Clean Energy: The Pros and Cons of Electric Cars

Electric cars have been around for a very long time and long been considered efficient vehicles. They have gained and lost popularity but are getting their second chance as environmental concerns rise. They are environmentally-friendly and cost-effective. However, they are initially expensive and just not built for some type of travels.

Electric cars have been around since the 1800’s. The inventor is unclear. Thomas Davenport invented the first American-built electric motor. Their popularity rose from there. The years 1899-1900 were the high point for electric cars. Then, their popularity and production dropped.

While, electric cars were having their high points, gas-powered vehicles started to get more attention. There were better roads that allowed longer travel times than electric cars could handle. Gas got cheaper. Gas-powered cars were faster. An electric starter got rid of the hassle of using a crank. Even better, Henry Ford put cars into mass production. This all lead to a lower price when electric car prices skyrocketed. Electric cars were all but extinct by 1935.

Their return began in the the 1960-70’s, when people began to look for alternative fuel sources to reduce exhaust emission and foreign dependency. Environmental concerns have continued the production of electric vehicles.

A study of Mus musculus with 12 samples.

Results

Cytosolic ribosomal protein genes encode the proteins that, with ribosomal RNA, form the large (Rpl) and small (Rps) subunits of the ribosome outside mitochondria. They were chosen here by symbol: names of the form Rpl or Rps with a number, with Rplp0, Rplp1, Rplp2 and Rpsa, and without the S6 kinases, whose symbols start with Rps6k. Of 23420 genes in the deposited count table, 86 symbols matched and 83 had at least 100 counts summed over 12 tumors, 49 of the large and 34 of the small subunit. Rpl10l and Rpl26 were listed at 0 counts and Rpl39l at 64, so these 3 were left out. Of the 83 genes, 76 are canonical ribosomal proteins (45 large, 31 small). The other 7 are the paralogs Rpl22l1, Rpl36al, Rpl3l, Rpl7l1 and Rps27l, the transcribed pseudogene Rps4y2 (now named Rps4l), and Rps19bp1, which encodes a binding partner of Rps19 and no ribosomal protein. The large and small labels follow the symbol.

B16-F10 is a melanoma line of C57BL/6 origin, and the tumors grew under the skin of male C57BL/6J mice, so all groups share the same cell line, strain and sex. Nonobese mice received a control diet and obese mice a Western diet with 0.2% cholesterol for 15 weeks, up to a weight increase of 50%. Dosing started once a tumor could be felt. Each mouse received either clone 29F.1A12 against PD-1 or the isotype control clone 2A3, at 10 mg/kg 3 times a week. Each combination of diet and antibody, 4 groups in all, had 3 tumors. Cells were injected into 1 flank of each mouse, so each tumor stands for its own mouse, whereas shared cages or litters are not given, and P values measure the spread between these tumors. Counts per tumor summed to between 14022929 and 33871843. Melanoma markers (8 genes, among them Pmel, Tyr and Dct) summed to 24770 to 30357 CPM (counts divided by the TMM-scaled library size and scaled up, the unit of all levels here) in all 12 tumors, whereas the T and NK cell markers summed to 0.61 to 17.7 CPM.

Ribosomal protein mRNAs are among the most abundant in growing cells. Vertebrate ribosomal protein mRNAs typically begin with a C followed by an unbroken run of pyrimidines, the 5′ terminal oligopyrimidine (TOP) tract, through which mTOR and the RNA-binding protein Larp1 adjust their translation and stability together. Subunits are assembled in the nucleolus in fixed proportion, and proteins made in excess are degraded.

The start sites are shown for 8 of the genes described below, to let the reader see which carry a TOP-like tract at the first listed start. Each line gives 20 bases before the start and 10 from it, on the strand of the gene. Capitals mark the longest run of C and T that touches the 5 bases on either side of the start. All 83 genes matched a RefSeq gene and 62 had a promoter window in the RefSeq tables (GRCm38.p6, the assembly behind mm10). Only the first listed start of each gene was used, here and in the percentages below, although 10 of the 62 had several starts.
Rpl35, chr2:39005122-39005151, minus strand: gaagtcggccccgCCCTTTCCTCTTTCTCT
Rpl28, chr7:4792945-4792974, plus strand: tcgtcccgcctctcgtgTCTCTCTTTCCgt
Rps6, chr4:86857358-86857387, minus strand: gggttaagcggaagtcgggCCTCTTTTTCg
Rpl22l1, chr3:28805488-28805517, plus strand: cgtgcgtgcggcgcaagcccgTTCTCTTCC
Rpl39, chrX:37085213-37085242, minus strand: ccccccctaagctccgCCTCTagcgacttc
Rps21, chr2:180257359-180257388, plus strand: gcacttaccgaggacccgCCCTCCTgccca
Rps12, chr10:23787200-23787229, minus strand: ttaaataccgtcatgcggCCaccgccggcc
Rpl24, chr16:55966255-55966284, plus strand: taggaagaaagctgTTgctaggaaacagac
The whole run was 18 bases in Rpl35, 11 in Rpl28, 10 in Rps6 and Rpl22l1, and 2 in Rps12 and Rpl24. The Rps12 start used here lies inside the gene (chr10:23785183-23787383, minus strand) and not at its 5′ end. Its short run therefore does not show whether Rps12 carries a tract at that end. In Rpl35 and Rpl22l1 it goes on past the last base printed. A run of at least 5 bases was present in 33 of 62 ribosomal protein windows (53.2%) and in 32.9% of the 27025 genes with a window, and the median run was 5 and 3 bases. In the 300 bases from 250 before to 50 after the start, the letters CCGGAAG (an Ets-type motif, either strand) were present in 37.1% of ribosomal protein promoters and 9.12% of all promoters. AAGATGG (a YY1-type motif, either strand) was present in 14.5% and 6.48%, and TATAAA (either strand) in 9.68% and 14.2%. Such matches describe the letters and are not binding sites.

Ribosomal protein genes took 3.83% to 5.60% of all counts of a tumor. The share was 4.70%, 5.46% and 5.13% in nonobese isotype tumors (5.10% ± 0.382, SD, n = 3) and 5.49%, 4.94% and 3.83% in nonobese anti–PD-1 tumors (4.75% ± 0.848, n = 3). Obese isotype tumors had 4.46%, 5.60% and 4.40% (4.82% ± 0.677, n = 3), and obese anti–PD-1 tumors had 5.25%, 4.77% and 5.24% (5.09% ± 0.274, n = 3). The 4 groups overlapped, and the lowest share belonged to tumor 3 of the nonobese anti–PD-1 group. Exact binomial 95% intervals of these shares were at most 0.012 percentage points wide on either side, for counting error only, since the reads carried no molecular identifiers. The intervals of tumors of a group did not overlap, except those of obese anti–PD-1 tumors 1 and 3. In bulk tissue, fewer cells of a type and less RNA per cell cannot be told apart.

How It Operates
An electric car maintains a battery pack that supplies energy to an electric motor. The electric motor turns the wheels of the car and doubles as a generator. When a car glides or stops, it starts recharging the battery. Also, heavy duty circuits control voltage and convert it to AC or DC. The battery pack is recharged by home outlets, home charging stations, or public charging stations.


  • Electricity is cheaper than gas, lowering overall fuel prices.
  • Non-combustible engines require less maintenance. That means no more oil changes or other typical routine maintenance.
  • An electric car is quiet.
  • It’s better for the environment both because of the reduction in emission but also because of the chance of recycling it.
  • They qualify for hefty tax credits.


  • They have a higher initial price. The price of replacement batteries (which can suffer in certain weather conditions and have a life of about a decade) cost a few thousand dollars to replace.
  • There are less qualified mechanics. (This can mean back to the dealership with higher prices.)
  • Charging stations aren’t as numerous as gas stations, and they could take 45 minutes for a quick recharge and hours for a full recharge.
  • Typically, electric cars only go about 100 miles before needing a recharge.
  • There’s not much variety among suppliers and car designs.

Electric powered cars once enjoyed popularity and maybe they will again. Research is being done into extending battery packs, building more charging stations, and increasing production for lower prices. Until that point, consumers have to consider their vehicle use carefully to determine if electric cars will perform well for them.